Yesterday a Busan Ilbo article reported that Busan will follow Gyeonggi-do, Seoul (and to a lesser degree, Gangwon-do) in cutting the native speaking teacher budget.
"From next year, native speaking english assistant teachers working in Busan elementary, middle and high schools are expected to be significantly reduced. While the government decides whether to replace the CSAT with the national english proficiency test (NEAT) this December, the private education market is in a state of excitement. That children in the lowest income and second lowest income brackets will have no choice but to be deprived of their opportunity for native speaking English education as the number of native speaking English assistant teachers are cut is causing controversy."
According to Busan City and Busan Office of Education on the 5th, this year the Office of Education will see 5.1 billion won transferred from the city plus the Office of Education budget of 8.6 billion won which totals a 13.77 billion won budget invested in employing a total of 528 NSETs (293 in elementary, 171 in middle, and 58 in high schools). Last year a similar number (522) were hired, but the budget last year was 17.6 billion won, or almost 4 billion won more, so the Busan Office of Education is sweating over adjusting its hiring of native speakers.
The existing 7.6 billion won transferred from the city was cut by 2.5 billion won this year, which was not anticipated, because the office of education had also cut its budget. In particular, Busan City will cut 2.5 billion won more next year, and plans to cut its part of the NSET budget entirely by 2015. A Busan City official said, "The basic policy of the city is to cut budget support for personnel costs for all organizations."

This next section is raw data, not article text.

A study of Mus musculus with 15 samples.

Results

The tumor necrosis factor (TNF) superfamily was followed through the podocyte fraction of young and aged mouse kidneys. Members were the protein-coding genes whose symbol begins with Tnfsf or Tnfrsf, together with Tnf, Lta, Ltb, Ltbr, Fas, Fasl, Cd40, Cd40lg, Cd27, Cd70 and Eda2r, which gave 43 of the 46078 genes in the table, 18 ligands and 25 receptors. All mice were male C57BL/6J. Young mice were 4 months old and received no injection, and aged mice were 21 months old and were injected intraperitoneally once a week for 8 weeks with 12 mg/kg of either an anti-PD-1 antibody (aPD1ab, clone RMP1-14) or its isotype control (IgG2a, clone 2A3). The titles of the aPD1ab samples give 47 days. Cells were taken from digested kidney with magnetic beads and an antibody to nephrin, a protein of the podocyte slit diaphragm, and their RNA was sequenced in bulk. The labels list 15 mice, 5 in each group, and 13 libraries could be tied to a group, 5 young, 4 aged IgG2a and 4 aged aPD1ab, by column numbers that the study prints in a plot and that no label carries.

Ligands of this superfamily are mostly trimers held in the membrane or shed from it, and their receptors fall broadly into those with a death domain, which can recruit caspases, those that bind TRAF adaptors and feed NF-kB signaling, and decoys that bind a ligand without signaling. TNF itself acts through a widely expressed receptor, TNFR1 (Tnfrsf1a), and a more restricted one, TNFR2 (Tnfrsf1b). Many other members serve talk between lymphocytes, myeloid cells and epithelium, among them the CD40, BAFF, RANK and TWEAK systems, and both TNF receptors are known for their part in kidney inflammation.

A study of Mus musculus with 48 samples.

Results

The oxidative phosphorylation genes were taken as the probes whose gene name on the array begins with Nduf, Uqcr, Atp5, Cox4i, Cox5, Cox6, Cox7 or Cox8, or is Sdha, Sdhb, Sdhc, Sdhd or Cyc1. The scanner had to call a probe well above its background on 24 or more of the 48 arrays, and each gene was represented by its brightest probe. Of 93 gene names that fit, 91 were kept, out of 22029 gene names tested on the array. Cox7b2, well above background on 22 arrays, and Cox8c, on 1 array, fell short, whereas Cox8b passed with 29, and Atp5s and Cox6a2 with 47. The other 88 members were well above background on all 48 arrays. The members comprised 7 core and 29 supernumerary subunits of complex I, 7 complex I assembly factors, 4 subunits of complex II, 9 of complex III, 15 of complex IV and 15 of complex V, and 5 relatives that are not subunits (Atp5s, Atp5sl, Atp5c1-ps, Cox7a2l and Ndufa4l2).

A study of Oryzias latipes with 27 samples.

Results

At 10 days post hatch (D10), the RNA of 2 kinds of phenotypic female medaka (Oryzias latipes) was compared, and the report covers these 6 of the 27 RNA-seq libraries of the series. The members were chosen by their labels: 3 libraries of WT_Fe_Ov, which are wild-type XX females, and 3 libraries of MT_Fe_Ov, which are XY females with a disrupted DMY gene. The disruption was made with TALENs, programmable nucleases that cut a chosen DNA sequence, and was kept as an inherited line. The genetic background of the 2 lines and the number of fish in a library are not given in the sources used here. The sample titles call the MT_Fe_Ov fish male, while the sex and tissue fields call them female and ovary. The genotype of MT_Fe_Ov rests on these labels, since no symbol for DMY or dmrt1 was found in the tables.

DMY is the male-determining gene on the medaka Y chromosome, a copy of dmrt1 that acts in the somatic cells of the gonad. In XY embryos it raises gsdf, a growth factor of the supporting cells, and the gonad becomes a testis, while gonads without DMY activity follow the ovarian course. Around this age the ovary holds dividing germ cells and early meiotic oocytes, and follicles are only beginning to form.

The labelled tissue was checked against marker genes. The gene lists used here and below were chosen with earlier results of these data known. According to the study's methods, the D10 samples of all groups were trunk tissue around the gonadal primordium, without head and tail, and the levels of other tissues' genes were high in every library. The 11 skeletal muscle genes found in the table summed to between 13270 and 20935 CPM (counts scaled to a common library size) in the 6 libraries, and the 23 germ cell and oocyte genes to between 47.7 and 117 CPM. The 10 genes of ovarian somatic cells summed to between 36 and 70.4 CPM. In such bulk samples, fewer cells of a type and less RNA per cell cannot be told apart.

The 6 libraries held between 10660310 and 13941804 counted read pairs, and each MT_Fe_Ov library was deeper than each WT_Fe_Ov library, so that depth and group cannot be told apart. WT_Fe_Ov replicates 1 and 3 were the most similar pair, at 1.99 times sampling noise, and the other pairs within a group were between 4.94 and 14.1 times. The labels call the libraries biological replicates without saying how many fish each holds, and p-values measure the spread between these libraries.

Every year the money transferred from Busan City accounts for a good portion of the hiring budget for NSETs for Busan Office of Education, and is urgently needed. In this year's case, although the BOE had already promoted a plan to hire 528 teachers, the city unexpectedly cut the transfer payment.
Busan Office of Education is apparently embarrassed by these cuts and is going to have to adjust its recruitment for the second semester.
Because the city will again cut 2.5 billion won next year, there is no choice but to substantially reduce the number of NSETs. With the cut of 2.5 billion won, the Busan Office of Education will have to cut at least 55 teachers and perhaps even 75. As a result, the policy goal of having 100% placement of NSETs in all middle and elementary schools, which has been in place since 2009, can't help but be undone.
Parents have expressed concerns. One parent of children in grades 2 and 5 said that it was good that there was an NSET at her kids' school, because she could reduce the private education costs, but now those savings will disappear, and that for the sake of normalizing public education the NSET system should be kept. Another parent of children in high school grade 1 and middle school grade 2 said that if the NEAT replaces the CSAT, speaking and writing would be newly included, and that opportunities for native speaking education would be even more important. As well, having native speaking education at school would be a great help to families on a tight budget.
Busan university of education professor Woo Gil-ju said, "In terms of providing children in the lowest income and second lowest income brackets equal access to to native speakers, the role of the NSET is needed." "With no alternative or road map for replacing NSETs, it is not desirable to suddenly cut native speaking teachers."
Later in the day, the Busan Ilbo published an editorial saying that low-income children are bound to be marginalized by the cuts and parents frustrated by them, and called for the city to withdraw its sudden policy and provide opportunities to the poor.
Once again, as with GEPIK and SMOE, we're seeing a power outside of the office of education - in this case city hall rather than city council - cutting NSETs unexpectedly and deeply.